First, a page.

What is the biggest security problem you expect to face in 2014? Chances are it will have something to do with bring your own device (BYOD), as more companies are relying on staff to use their own devices for work purposes. Your employees are probably using their own devices to connect to the company network even if you don’t have a formal BYOD policy in place. The truth is no one seems to disconnect anymore, and that includes checking on work email or accessing documents via the corporate cloud.
While BYOD seems like a great idea on paper and in the budget, we have learned that it is one of the greatest threats to enterprise security. The average mobile-device user simply does not take mobile security seriously enough. For this reason, when Chuck Sweeney, SVP of business development at Securranty posed the question of whether or not employers should provide BYOD protection as a company perk or holiday gift, I thought it was a fabulous idea. So I asked him why employers should offer security plans for their employees’ personal devices, and he cited a number of reasons. For example, providing a protection plan for employee devices is a relatively small operational expense for the company, and no matter the cost, it is still a lot cheaper than the expenses involved with a potential breach or the network becoming infected by a malicious app.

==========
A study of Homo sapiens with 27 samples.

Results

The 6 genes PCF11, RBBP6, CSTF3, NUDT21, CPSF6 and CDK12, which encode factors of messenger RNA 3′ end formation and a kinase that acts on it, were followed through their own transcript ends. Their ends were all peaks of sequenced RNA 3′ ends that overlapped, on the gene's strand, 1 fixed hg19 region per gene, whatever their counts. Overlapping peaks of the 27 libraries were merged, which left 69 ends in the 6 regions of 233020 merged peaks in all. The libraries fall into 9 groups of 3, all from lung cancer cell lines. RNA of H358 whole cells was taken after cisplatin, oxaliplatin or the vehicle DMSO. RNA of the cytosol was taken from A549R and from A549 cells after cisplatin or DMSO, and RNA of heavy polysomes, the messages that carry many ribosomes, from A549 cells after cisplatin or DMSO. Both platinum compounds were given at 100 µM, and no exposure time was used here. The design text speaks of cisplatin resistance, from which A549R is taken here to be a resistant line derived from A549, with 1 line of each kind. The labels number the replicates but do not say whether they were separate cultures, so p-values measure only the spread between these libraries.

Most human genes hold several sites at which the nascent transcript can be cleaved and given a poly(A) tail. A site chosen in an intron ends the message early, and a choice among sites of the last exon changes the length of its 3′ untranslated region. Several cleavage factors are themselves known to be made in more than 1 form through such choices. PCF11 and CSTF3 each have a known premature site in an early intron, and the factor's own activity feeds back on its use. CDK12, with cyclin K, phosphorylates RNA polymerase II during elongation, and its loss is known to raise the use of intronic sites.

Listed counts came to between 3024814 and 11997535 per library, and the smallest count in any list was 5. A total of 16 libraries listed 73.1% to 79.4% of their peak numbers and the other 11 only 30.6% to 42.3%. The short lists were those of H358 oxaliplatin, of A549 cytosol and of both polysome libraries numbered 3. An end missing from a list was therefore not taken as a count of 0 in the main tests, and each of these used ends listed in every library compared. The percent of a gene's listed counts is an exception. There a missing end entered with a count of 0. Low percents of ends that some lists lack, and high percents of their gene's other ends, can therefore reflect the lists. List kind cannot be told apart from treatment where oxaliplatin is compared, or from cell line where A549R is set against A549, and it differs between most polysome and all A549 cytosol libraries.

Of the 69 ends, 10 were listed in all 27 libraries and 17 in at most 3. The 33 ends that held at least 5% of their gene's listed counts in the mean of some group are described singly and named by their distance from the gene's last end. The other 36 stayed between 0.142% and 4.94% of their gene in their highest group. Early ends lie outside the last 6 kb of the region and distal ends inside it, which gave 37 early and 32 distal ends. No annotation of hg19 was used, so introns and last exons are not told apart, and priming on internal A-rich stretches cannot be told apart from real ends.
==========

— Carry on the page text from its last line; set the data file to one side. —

Another reason to provide BYOD security for employees is the ability to have some control over the technology. Some industries require more strict security provisions than others. If left up to the employees themselves, the security software chosen likely won’t provide the coverage needed. By providing the security protection, employers know they are able to provide functions like remote wipe or lock down on a device or can even manage the data on a device that has been damaged.
What about productivity concerns? The primary reason for implementing any corporate mobility program, BYOD included, is to achieve productivity gains, which would drive higher revenue gain at lower costs to the company. Sweeney said to me:
Employers who leave the Mobile Hardware Management (MHM) protection plan decision to the employee run the risk of having a certain percentage of phones unprotected. This places productivity at risk. Employees who choose to forego an MHM protection plan will inevitably experience longer downtime, and that downtime negatively impacts employee productivity. Smart employers can enforce protection by simply purchasing protection on behalf of the employee. Productivity protected. Problem solved.
Providing mobile device security coverage isn’t going to replace the bonus check that employees may be expecting, but Sweeney said that employees will appreciate the BYOD perk because it will alleviate any “employee angst” associated with newly enforced BYOD programs. And employers have the ability to purchase a security plan that is better than the freebie app downloaded to provide at least some coverage. In the meantime, an extra perk for the employees is that their personal information stored on the device is also protected. It’s a win-win holiday bonus for everyone.